American ISIS Supporters Repatriated from Syria and Iraq, Charged in US Courts with Terrorism Charges

October 5, 2020Joshua Skovlund
americans repatriated from syria, ISIS

Photo illustration by Kenna Milaski/Coffee or Die Magazine.

The US has officially repatriated all 27 Americans that were in the custody of Syrian Democratic Forces (SDF) due to “offenses relating to their support for ISIS,” according to a Department of Justice (DOJ) press release

“Preventing terrorism remains the FBI’s top priority. Through the hard work and dedication of countless men and women across the FBI and the U.S. government, nearly a dozen citizens have been repatriated from Iraq and Syria over the past several years to face the American justice system,” said John Brown, FBI executive assistant director for national security, in the press release. “This announcement should serve as a warning to those who travel, or attempt to travel, to join and fight with ISIS. We remain vigilant in our efforts to prevent terrorism as well as hold terrorists, and those who provide support to terrorist organizations, accountable for their actions.”

The US is urging other countries to repatriate their own countrymen and women in SDF custody to keep any would-be terrorists off the battlefield. 

Syrian Democratic Forces members stand in formation during a victory announcement ceremony over the defeat of Daesh’s so-called physical caliphate Mar. 23, 2019, at Omar Academy, Deir ez-Zor, Syria. Photo by Staff Sgt. Ray Boyington/US Army, courtesy of DVIDS.

The recent transfer of the two remaining SDF-detained Americans, Emraan Ali and Jihad Ali, marks the last of the known American citizen terrorists in SDF’s custody. The DOJ will prosecute the repatriated Americans through the US court system for their alleged crimes and apply additional charges where appropriate.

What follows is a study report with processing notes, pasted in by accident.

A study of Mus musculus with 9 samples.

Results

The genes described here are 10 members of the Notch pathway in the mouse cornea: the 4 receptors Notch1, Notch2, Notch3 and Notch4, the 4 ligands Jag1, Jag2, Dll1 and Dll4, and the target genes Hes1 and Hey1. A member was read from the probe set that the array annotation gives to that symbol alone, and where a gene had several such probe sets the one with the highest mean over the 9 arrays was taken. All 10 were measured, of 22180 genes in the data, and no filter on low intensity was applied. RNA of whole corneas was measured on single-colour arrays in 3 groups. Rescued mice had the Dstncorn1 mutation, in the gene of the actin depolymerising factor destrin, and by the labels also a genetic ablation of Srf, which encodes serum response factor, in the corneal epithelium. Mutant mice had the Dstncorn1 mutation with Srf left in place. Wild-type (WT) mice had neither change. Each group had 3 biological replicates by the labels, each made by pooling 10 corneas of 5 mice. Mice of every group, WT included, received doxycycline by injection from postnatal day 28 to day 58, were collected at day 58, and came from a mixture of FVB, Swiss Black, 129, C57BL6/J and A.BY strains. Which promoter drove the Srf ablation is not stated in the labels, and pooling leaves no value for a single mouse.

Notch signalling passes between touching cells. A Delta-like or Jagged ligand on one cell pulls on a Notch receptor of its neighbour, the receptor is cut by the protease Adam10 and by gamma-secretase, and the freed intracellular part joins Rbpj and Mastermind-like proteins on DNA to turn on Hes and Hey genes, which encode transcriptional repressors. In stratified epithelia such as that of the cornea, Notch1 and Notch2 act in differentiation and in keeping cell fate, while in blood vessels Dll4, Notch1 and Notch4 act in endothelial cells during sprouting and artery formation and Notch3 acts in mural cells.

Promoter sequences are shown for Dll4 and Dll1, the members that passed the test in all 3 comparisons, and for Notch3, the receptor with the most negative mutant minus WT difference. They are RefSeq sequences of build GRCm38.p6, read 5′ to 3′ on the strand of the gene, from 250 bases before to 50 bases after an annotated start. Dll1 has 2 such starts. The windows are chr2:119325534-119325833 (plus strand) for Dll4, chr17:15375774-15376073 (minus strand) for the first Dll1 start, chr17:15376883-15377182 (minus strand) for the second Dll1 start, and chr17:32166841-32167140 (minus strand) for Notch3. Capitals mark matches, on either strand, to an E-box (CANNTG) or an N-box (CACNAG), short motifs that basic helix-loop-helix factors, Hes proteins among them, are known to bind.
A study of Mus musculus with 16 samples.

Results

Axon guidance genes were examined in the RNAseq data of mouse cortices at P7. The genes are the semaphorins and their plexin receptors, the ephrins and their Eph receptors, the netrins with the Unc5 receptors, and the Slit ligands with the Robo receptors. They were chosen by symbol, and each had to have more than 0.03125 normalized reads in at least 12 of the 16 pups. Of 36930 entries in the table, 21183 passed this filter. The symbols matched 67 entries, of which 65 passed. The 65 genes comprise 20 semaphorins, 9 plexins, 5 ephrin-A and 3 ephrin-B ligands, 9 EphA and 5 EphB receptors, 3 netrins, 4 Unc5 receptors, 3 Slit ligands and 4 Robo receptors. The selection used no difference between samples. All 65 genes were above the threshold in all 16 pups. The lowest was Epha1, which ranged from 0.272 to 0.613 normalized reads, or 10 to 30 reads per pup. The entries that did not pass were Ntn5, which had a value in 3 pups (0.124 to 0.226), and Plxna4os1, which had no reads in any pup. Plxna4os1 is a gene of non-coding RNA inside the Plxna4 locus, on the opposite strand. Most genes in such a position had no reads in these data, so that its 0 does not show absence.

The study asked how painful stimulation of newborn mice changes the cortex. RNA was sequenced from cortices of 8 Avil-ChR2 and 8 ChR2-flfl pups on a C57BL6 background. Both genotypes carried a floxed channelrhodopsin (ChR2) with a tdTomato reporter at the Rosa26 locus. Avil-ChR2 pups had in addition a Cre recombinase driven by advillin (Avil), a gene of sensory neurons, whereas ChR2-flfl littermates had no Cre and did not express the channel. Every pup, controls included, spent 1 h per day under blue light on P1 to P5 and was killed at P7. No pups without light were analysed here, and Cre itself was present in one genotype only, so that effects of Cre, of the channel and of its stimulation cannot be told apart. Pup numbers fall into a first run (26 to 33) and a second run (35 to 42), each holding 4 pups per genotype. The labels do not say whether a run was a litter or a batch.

Emraan, the father of Jihad, traveled with his family to Syria to join ISIS in March 2015. Both Emraan and Jihad received military and religious training and functioned as fighters for ISIS for four years. In March 2019, they surrendered to the SDF near Baghuz, Syria, during the last battles to eradicate ISIS from Syria. 

Both father and son made their initial appearance in the Southern District of Florida on Wednesday. Emraan is charged with “providing and attempting to provide material support to ISIS.” Jihad Ali is charged with “conspiracy to provide material support to ISIS.”

A Syrian Democratic Forces deputy commander advises his soldiers of an incoming missile attack on ISIS vehicles in Deir ez-Zor province, Syria, Nov. 28, 2018. Photo by Sgt. Matthew Crane/US Army, courtesy of DVIDS.

Two other recently repatriated ISIS supporters, Abdelhamid al-Madioum and Lirim Sylejmani, appeared before the court on Sept. 16, 2020. Al-Madioum made his first appearance in the District of Minnesota court system and is charged with “providing material support to ISIS.” Sylejmani, who was arraigned in the District of Columbia, is charged with “conspiring to provide, providing, and attempting to provide material support to ISIS, and receiving training from ISIS.”

Both al-Madioum and Sylejmani were captured by the SDF in 2019. The DOJ did not respond to requests for further information at the time of publication. 

“This was our moral responsibility to the American people and to the people of the countries to which these terrorists traveled,” said John C. Demers, assistant attorney general for national security, in the press release.

The US continues to investigate and attempt to prevent any more Americans from joining the ranks of ISIS and to find any remaining American accessories to terrorism who may remain at large.

Joshua Skovlund
Joshua Skovlund

Joshua Skovlund is a former staff writer for Coffee or Die. He has covered the 75th anniversary of D-Day in France, multinational military exercises in Germany, and civil unrest during the 2020 riots in Minneapolis. Born and raised in small-town South Dakota, he grew up playing football and soccer before serving as a forward observer in the US Army. After leaving the service, he worked as a personal trainer while earning his paramedic license. After five years as in paramedicine, he transitioned to a career in multimedia journalism. Joshua is married with two children. His creative outlets include Skovlund Photography and Concentrated Emotion.